Zambia has approximately 50 million hectares of forest and a deforestation rate – officially estimated at 250,000 to 300,000 hectares per year – among the highest in the world.

Like many countries facing rapid deforestation, this problem in Zambia is primarily driven by the use of wood for fuel (both timber and charcoal) and unsustainable agricultural practices. Deforestation is also exacerbated by poverty: approximately 80 percent of rural Zambians live on less than $1.25 a day and most rely on natural resources like forests for day-to-day survival.

For the majority of farmers who make a living growing staple crops on small plots of land, it is difficult to grow enough food to feed their families throughout the year, and they frequently turn to charcoal production or poachingto make ends meet. As Zambia’s urban population grows in cities that lack reliable access to electricity, higher demand for charcoal is also accelerating deforestation.

In combination, all of these factors have disastrous consequences for Zambia’s forests, wildlife and other natural resources. That’s why Feed the Future and the Global Climate Change Initiative are taking an integrated approach with partners in Zambia to improve rural livelihoods and food security, while offering smallholder farmers and other community members the tools to conserve the land they need to sustain their livelihoods over the long term.

Working with the Zambian civil society organization Community Markets for Conservation (COMACO), Feed the Future is training rural farmers from in conservation agriculture techniques like composting, mulching, crop rotation and inter-cropping with agroforestry (i.e. cultivating food crops and trees simultaneously), practices that increase yields while also protecting the soil and trees on farms. COMACO offers market incentives to encourage farmers to change traditional farming methods by organizing them into groups and purchasing their crops at a premium price. As a result, 67 percent of participating farmers have fully adopted conservation agriculture and better natural resource management techniques over two years. COMACO also supplies dividends in the form of seeds and equipment to farmers who exclusively use conservation techniques to grow their crops.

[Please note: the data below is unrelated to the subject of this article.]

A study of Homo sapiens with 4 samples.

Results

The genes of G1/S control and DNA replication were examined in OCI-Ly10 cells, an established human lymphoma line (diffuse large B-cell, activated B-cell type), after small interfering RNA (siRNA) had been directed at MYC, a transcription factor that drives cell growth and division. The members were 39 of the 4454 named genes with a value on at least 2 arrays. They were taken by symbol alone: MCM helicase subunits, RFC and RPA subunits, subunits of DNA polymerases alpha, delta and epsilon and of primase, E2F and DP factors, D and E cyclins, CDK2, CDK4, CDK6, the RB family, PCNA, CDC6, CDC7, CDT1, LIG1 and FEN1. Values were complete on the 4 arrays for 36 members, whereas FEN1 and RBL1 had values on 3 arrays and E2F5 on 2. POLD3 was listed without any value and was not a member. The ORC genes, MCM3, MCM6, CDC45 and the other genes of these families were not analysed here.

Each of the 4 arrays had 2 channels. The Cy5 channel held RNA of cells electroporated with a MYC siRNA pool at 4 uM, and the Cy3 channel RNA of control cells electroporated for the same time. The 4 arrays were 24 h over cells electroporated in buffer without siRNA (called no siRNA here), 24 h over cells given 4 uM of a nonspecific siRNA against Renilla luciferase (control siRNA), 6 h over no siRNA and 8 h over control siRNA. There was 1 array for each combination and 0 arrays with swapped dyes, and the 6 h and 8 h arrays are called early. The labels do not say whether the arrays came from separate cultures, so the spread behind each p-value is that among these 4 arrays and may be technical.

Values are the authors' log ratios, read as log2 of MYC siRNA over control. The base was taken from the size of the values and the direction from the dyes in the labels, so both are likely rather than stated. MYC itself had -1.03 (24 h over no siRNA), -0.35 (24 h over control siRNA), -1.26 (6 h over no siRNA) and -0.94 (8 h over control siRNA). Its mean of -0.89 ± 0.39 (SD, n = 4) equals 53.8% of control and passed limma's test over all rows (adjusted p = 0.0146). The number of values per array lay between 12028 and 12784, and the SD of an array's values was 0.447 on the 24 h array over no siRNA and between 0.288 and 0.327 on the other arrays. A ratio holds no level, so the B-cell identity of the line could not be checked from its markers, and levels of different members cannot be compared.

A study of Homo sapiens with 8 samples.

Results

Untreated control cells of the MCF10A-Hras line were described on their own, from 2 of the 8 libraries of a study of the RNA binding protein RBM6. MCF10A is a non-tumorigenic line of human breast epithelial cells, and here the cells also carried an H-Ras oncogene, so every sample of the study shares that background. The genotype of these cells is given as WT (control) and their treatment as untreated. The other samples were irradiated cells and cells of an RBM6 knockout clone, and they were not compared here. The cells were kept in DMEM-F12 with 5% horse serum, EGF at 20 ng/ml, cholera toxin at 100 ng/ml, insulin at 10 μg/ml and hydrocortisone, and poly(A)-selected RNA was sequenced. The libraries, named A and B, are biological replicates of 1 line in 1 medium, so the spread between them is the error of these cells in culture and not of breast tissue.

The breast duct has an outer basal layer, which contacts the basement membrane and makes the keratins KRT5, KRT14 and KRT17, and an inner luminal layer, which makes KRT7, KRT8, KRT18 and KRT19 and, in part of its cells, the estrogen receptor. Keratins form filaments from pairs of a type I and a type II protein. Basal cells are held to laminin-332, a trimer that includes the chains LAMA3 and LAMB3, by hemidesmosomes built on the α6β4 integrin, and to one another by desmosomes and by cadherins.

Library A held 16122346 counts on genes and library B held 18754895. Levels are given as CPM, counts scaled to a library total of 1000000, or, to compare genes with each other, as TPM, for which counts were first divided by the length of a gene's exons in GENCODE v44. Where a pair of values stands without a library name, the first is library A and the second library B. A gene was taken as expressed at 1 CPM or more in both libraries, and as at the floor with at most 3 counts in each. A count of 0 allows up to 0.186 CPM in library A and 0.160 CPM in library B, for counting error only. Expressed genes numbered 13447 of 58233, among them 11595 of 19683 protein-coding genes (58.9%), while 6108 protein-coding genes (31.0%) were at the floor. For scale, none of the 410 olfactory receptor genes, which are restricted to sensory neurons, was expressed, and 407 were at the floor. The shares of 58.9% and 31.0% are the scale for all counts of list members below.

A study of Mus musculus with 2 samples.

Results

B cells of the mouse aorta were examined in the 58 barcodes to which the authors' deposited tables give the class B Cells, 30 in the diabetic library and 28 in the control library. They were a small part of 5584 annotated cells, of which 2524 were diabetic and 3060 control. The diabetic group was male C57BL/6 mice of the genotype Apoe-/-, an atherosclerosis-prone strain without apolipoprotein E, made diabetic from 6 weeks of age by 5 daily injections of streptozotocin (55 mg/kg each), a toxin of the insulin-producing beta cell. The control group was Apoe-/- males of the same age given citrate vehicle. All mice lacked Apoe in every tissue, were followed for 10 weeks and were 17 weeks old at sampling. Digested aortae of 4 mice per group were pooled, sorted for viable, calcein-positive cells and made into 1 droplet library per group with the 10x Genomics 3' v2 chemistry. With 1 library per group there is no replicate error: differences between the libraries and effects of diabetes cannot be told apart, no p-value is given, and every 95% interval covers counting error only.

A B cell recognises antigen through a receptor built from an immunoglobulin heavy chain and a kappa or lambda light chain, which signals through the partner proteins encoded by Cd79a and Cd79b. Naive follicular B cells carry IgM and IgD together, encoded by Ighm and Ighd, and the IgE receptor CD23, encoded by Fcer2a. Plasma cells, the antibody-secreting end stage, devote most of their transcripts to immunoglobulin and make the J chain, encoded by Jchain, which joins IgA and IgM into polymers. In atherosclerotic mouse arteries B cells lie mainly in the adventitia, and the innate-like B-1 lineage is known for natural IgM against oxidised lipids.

Since this Feed the Future project began in 2011, farmers from 46,000 households working with COMACO have seen a 47 percent increase in their annual incomes, and aerial surveys taken before and during the project show a significant increase in vegetation where participating farmers live compared to neighboring regions.

As a counterpart to conservation agriculture programming under Feed the Future, a project under the Global Climate Change initiative is mitigating deforestation resulting from Zambia’s heavy reliance on charcoal for energy. Charcoal is deeply ingrained in the country’s economy, and a full 50 percent of urban Zambians use charcoal as their primary energy source. While a full transition to more sustainable energy sources will be a long-term process in Zambia, it is still possible in the near term to slow the pace of deforestation through sustainable harvesting. That’s why this climate change project, administered by the not-for-profit BioCarbon Partners Trust (BCPT), supports training for traditional charcoal producers (frequently the poorest members of rural communities) to teach them better harvesting techniques that won’t wipe out their communities’ forests.

Working closely with local leaders in rural villages, the project sets aside land that is actively managed for natural regeneration. Charcoal producers harvest only a small portion of the land each year; use cutting techniques that allow trees to regenerate after the wood is harvested; utilize all parts of the trees instead of just the trunks; and re-plant important trees. BCPT has also introduced more efficient kiln designs that produce greater quantities of denser charcoal out of the same amount of wood with less labor, as well as connected producers of this “eco-charcoal” to the market, where it sells for 20 percent more than traditional charcoal.

By offering climate-smart alternatives to traditional agriculture and forestry practices, these two U.S. Government initiatives are helping increase incomes for vulnerable households while supporting Zambia in building more sustainable agriculture and energy sectors for future generations.

The projects described above are both managed by the U.S. Agency for International Development. Learn more about USAID’s work on agriculture and food security inZambia.